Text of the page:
Vision Science Research Group

Paediatric Research

    Paediatric Research

    The, Paediatric Vision Research team at the University of Ulster is interested in visual function in infancy and childhood. In addition to conducting research exploring typical visual development we are interested in the structural and functional impacts of developmental disorders on the maturing visual system.

    Our research aims to improve understanding of typical and atypical visual development with a view to optimising vision care for children and developing an evidence-base for the eye care professions. Our work involves collaboration with other eye care professionals and researchers as well as stakeholders including parents, schools, paediatricians and teachers of the visually impaired. We recognise the importance of dissemination and translation of research findings beyond the scientific community to practitioners, clinicians, parents and charities and have developed links with all these stakeholders in order to maximise the impact of our research.



    Research Projects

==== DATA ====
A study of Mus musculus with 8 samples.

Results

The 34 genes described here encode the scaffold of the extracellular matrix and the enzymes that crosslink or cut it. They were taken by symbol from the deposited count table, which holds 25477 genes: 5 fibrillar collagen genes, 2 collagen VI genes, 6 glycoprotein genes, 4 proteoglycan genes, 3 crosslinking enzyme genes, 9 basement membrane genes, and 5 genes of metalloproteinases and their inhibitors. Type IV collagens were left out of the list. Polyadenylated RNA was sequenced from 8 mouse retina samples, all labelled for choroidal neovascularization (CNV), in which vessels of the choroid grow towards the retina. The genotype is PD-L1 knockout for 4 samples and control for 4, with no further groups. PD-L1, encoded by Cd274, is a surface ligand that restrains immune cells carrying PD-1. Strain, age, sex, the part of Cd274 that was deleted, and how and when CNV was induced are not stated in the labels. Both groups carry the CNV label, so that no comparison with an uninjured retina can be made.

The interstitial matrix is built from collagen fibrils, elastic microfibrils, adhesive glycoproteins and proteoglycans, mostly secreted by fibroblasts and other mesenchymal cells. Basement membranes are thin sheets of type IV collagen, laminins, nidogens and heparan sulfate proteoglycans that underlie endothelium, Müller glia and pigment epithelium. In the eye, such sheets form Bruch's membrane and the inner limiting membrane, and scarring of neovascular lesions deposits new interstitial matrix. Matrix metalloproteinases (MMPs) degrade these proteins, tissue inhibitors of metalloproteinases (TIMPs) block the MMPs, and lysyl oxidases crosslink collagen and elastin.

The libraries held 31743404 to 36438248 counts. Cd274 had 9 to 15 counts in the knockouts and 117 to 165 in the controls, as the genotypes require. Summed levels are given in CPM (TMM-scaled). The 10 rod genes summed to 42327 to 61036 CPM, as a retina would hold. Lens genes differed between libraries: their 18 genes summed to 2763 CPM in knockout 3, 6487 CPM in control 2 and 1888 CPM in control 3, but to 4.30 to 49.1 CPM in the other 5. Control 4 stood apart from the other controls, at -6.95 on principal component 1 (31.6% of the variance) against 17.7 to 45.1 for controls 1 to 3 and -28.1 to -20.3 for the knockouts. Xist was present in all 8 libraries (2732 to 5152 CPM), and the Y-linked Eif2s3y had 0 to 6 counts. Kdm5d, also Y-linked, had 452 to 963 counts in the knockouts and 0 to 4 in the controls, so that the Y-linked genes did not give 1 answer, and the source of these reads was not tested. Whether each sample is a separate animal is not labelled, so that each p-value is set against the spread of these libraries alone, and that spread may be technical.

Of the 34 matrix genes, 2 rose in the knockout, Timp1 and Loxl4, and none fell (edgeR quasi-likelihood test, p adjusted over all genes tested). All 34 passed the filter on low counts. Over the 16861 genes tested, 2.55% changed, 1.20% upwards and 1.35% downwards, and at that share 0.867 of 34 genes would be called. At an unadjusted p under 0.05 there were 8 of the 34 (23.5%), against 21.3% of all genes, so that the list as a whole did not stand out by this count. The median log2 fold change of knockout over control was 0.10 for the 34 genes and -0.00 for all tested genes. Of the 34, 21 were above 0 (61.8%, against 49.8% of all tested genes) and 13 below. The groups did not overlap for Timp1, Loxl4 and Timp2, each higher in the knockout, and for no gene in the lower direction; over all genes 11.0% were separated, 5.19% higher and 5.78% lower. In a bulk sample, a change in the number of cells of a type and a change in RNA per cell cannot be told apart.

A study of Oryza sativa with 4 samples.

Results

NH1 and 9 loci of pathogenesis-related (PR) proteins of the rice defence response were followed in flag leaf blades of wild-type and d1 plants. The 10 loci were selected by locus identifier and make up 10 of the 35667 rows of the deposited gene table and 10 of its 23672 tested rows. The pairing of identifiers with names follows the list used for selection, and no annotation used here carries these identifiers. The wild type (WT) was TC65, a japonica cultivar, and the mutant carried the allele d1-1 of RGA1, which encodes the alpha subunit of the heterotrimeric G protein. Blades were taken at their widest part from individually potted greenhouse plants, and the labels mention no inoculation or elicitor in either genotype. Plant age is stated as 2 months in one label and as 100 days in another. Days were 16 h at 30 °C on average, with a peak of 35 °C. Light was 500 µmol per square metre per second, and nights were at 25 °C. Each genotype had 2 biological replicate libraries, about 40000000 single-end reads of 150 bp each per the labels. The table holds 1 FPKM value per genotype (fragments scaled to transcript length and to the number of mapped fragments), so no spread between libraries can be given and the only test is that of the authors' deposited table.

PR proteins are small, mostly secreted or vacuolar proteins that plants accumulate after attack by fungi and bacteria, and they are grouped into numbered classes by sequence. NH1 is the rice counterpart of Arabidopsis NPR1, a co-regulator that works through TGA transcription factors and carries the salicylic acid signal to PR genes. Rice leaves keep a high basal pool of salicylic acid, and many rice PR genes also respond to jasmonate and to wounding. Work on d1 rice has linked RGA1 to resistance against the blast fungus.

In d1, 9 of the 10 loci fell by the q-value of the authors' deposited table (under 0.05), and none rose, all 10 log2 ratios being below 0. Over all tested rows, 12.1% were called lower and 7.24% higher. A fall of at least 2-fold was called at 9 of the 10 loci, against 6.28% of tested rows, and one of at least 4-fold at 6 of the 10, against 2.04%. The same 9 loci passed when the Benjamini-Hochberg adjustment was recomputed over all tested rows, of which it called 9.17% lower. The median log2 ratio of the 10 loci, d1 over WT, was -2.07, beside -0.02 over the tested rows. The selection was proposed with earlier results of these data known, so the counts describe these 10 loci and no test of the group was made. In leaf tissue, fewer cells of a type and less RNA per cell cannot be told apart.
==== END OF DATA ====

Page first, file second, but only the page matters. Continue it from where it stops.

We are involved in several research projects investigating visual function in:


    Collaborative Working

    The Paediatric Vision Research team have a wealth of experience recruiting and working with infants and children of all ages and abilities and much of our research data collection occurs in schools, health centres and hospitals. An important component of our work is collaboration with other eye care professionals and researchers as well as stakeholders including parents, schools, paediatricians and teachers of the visually impaired. We recognise the importance of dissemination and translation of research findings beyond the scientific community to practitioners, clinicians, parents and charities and have links with all these stakeholders in order to maximise the impact of our research.


    Developing Assessment Tools

    The importance of improving clinical assessment and management of patients is also the impetus behind the group’s development of a commercial tool for the objective assessment of focusing. The Ulster-Cardiff Accommodation Rule (or UC-Cube), developed in collaboration with colleagues at Cardiff University, is the first commercially available tool that allows rapid, clinical assessment of focusing accuracy without the need for the patient to communicate. This is particularly important when assessing children with special needs as our research and that of others has shown that this group are at high risk for poor focusing which will impact on vision and learning if left undetected and unmanaged. The device provides normative data with which to compare clinical measures. It will be launched on the commercial market in 2011 and its launch has already received a great deal of interest from the profession.